Dining | Long Island
Yonkers Brewing Company grew from the owners’ love of home brewing.

Until about a year ago, the name most associated with beer in Yonkers was probably that of the notorious racketeer Dutch Schultz, whose criminal domain once included a brewery in the city.

Schultz, born Arthur Flegenheimer, rose to prominence in “the big beer wave during prohibition,” as Meyer Berger put it in The New York Times in October 1935, after Schultz was murdered in a Newark saloon. Before beer, Berger wrote, Schultz was “just an unambitious, sloppy flat-burglar and package thief in the Bronx” and even after “great success,” he “still managed to look like an ill-dressed vagrant.”

A new brewery in Yonkers has a much sunnier story.

Nick Califano and John Rubbo, who opened the Yonkers Brewing Company tasting room in January 2015, certainly know the history of the city where they grew up, and much of it is captured in photographs from the Yonkers Historical Society that line the walls of the handsome, spacious quarters a block from the Hudson River. The building, a former trolley garage, is on the National Register of Historic Places. (The Schultz brewery, Mr. Rubbo pointed out, was in a different part of town, an area known as Chicken Island.)


The taproom menu includes an I.P.A., double I.P.A., a porter and a vanilla stout.

Mr. Califano and Mr. Rubbo — neighborhood friends who reconnected after college — became home brewers about six years ago. They liked drinking beer (“Once we were 21,” Mr. Rubbo said, prompting a laugh from Mr. Califano) and, after purchasing a recipe book, decided to start brewing it.

“When we brewed the first time, it came out incredible,” Mr. Rubbo, now 33, said. “We brought it to a barbecue and our friends loved it.” He paused. “Progressively, as we brewed, it got worse and worse.”

“We realized consistency is the hardest part of brewing,” Mr. Califano, said.

Still, he added: “We saw an opportunity — we saw how craft beer was really gaining legs in the Midwest and the West and how it was slowly coming here. We said, ‘Let’s throw our hat in the ring and see if we can do something locally.’”


Lightly battered fried carrots.

Mr. Rubbo said when he and Mr. Califano started renovations in September 2014, they were “petrified at the amount of work that was required” to move into the old trolley garage.

“The front wall was only studded and it was held up by a set of two-by-fours pinned to the ceiling,” he said. “There was a huge hole in the back wall and a half-finished pool that the original developer of the property had started.”

“The space had nothing,” he added, “we put in underground piping, we built the bathrooms, the kitchen, installed all the electrical systems.”

If Mr. Rubbo and Mr. Califano love Yonkers, the feeling is mutual: A city development grant allowed them to buy some needed equipment, and the mayor, Mike Spano, said: “I love the fact it’s there. I love the fact it says Yonkers. I love the fact that it’s a brewery. They have a tremendous amount of pride in Yonkers and it’s contagious.”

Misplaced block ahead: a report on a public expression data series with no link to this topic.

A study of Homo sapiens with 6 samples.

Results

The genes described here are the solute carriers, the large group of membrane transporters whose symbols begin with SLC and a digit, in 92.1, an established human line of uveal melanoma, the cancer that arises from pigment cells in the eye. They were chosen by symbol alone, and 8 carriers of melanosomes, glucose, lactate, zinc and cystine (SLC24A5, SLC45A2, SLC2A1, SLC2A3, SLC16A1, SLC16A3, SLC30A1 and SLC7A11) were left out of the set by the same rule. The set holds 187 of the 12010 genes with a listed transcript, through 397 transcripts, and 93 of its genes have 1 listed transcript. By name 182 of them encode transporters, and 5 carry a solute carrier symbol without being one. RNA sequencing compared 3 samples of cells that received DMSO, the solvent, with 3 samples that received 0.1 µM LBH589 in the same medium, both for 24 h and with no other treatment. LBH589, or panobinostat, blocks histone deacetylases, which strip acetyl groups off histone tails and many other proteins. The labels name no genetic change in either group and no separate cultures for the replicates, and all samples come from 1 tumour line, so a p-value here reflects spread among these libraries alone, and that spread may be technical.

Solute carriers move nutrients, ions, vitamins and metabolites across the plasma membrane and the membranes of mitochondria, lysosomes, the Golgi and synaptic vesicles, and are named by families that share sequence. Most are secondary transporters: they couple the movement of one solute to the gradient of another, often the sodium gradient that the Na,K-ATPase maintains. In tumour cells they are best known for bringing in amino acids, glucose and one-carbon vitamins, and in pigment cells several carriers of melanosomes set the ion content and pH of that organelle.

Although Mr. Califano and Mr. Rubbo liked making beer, they determined that they needed a head brewer with more experience, and met with Sharif Taleb, who had studied at the Seibel Institute of Technology in Chicago, which has a well-regarded brewing program.

“We dropped off a sample of ours and said, ‘Could you make something like this?’” Mr. Califano recalled, “and he went home and with his air conditioner as a cooling unit, he made Yonkers Lager in his apartment.”

As the “Seinfeld” version of George Steinbrenner would say, “Hire this man!

Jackie Rubbo, Mr. Rubbo’s sister, came on board with the title of director of creative, culture and chaos. “Focus on the chaos,” Mr. Rubbo said.

The new brewery offers monthly yoga sessions called Detox & Retox (“It’s an excuse to drink beer in yoga pants,” Ms. Rubbo said); a paint-your-own growler night during which customers decorate 64-ounce jugs (“Sometimes they create their own painting, sometimes they follow the instructor — it gets interesting,” Ms. Rubbo said); and live music on the last Thursday of each month. (In January, a terrific band from Brooklyn, Karikatura, played in front of three stainless steel brewing tanks; a return engagement is anticipated.)

The food can be hit or miss but the kitchen does turn out good cheeseburgers, meaty chicken wings, and lightly battered carrots that are almost impossible to stop eating. For brunch on Saturdays and Sundays, there is a commendable egg-and-sausage sandwich called the Bouncer. (Nice with that: the Bloody Mary XL, with a tray of toppings: chilled shrimp, smoked Gouda, prosciutto and a pickled onion among them.)

And of course there’s the beer. The Yonkers Vienna Lager remains the flagship (“The palate of the Northeast is a lager palate,” Mr. Califano said). But the brewery has a long list of appealing beers served in the taproom, including an I.P.A., a double I.P.A., a porter, a Belgian pale ale, and a vanilla stout. Mr. Taleb has made two beers in collaboration with the DeCicco’s grocery stores, working with Brett Diener, a beer manager at the recently opened Larchmont, N.Y., location. Their latest is Fallen Fruit, a tart apricot ale. Mr. Diener provided the fruit and Mr. Taleb, he said, “played around with the recipe a little bit, which is what he does best.”

“It developed really nicely and was a big hit,” he said.

An afternoon or evening at the brewing company can end well with a rich brownie from Greyston, the community-focused nonprofit bakery, or a cold brew, with stout that picks up a note of root beer sweetness from scoops of creamy gelato.

Or grab a bottle of Yonkers Vienna Lager, with a label that includes a short lesson about Adriaen van der Donck, from whom Yonkers derived its name, and concludes with this wise imperative: “Now stop reading and start enjoying!”